Spider, the world’s biggest Lustre-based, centerwide file system, has been fully tested to support Oak Ridge National Laboratory’s (ORNL’s) new petascale Cray XT4/XT5 Jaguar supercomputer and is now offering early access to scientists.
An extremely high-performance file system, Spider has 10.7 petabytes of disk space and can move data at more than 240 gigabytes a second. “It is the largest-scale Lustre file system in existence,” said Galen Shipman, Technology Integration Group leader at ORNL’s National Center for Computational Sciences (NCCS). “What makes Spider different [from large file systems at other centers] is that it is the only file system for all our major simulation platforms, both capable of providing peak performance and globally accessible.”
Ultimately, it will connect to all of ORNL’s existing and future supercomputing platforms as well as off-site platforms across the country via GridFTP (a protocol that transports large data files), making data files accessible from any site in the system.
Shipman said Spider has demonstrated stability on the XT5 and XT4 partitions of Jaguar, on Smoky (the center’s development cluster), and on Lens (the center’s visualization and data analysis cluster). “We’ve had all these systems running on the file system concurrently, with over 26,000 compute nodes (clients) mounting the file system and performing I/O [input and output]. It’s the largest demonstration of Lustre scalability in terms of client count ever achieved.”
Shipman said the file system is designed to support the latest incarnation of Jaguar, which is capable of 1.64 quadrillion calculations a second (1.64 petaflops). “When they told us they needed a file system to support it, we could not just pick up the phone and order one,” he said. “No vendor could deliver such a system, so we essentially trail-blazed.”
It was a phased approach. ORNL computer scientists and technicians (David Dillow, Jason Hill, Ross Miller, Sarp Oral, Feiyi Wang, and James Simmons) worked in close collaboration with partners Cray Inc., Data Direct Networks (DDN), Sun Microsystems, and Dell to bring Spider online. Cray provided the expertise to make the file system available on both Jaguar XT4 and Jaguar XT5. DDN provided 48 DDN 9900 storage arrays, Sun provided the Lustre parallel file system software, and Dell provided 192 I/0 servers. The vendors’ collaboration has produced a system which manages 13,000 disks and provides over 240 GB/s of throughput, a file system cluster that rivals the computational capability of many high-performance compute clusters.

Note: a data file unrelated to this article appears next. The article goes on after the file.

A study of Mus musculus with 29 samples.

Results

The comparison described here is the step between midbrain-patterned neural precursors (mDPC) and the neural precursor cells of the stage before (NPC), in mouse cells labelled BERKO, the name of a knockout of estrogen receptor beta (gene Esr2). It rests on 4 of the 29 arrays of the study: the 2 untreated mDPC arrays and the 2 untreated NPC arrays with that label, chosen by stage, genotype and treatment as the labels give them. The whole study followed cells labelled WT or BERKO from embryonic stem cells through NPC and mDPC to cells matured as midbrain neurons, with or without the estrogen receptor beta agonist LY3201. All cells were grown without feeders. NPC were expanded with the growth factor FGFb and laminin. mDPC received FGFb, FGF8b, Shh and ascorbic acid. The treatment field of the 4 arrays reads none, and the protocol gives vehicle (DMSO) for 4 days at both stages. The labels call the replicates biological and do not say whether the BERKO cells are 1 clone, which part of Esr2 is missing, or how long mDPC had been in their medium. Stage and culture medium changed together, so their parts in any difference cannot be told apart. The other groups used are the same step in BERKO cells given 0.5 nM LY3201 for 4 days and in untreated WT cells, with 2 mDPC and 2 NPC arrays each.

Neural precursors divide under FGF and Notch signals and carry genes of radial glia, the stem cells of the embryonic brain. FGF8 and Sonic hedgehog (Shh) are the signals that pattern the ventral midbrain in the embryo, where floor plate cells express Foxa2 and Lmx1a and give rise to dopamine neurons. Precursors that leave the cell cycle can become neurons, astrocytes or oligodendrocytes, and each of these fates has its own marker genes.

The Spider parallel file system is similar to the disk in a conventional laptop — multiplied 13,000 times. A file system cluster sits in front of the storage arrays to manage the system and project a parallel file system to the computing platforms. A large-scale InfiniBand-based system area network connects Spider to each NCCS system, making data on Spider instantly available to them all.
“As new systems are deployed at the NCCS, we just plug them into our system area network; it is really about a backplane of services,” Shipman said. “Once they are plugged into the backplane, they have access to Spider and to HPSS [the center’s high-performance storage system] for data archival. Users can access this file system from anywhere in the center. It really decouples data access and storage from individual systems.”
Before Spider each computing platform had its own file system. Once a project ran an application on Jaguar, it then had to move the data to the Lens visualization platform for analysis. Any problem encountered along the way would necessitate that the cumbersome process be repeated. With Spider connected to both Jaguar and Lens, however, this headache is avoided. “You can think of it as eliminating islands of data. Instead of having to multiply file systems all within the NCCS, one for each of our simulation platforms, we have a single file system that is available anywhere. If you are using extremely large data sets on the order of 200 terabytes, it could save you hours and hours.”
“Spider is one of the most important steps the NCCS has taken toward increasing the scientific productivity of our users,” said Bronson Messer, of the Scientific Computing Group and a participant in the “Three-Dimensional Model of SN1987A Frontier” early science project. “Sophisticated users have been asking for this, while new users I have spoken with immediately see the advantages and become very excited.”
Spider will have both scratch space (short-term storage for files involved in simulations, data analysis, etc.) and long-term storage for each user. Shipman said the technology integration team is now working with Sun to prepare for future NCCS platforms with even more daunting requirements.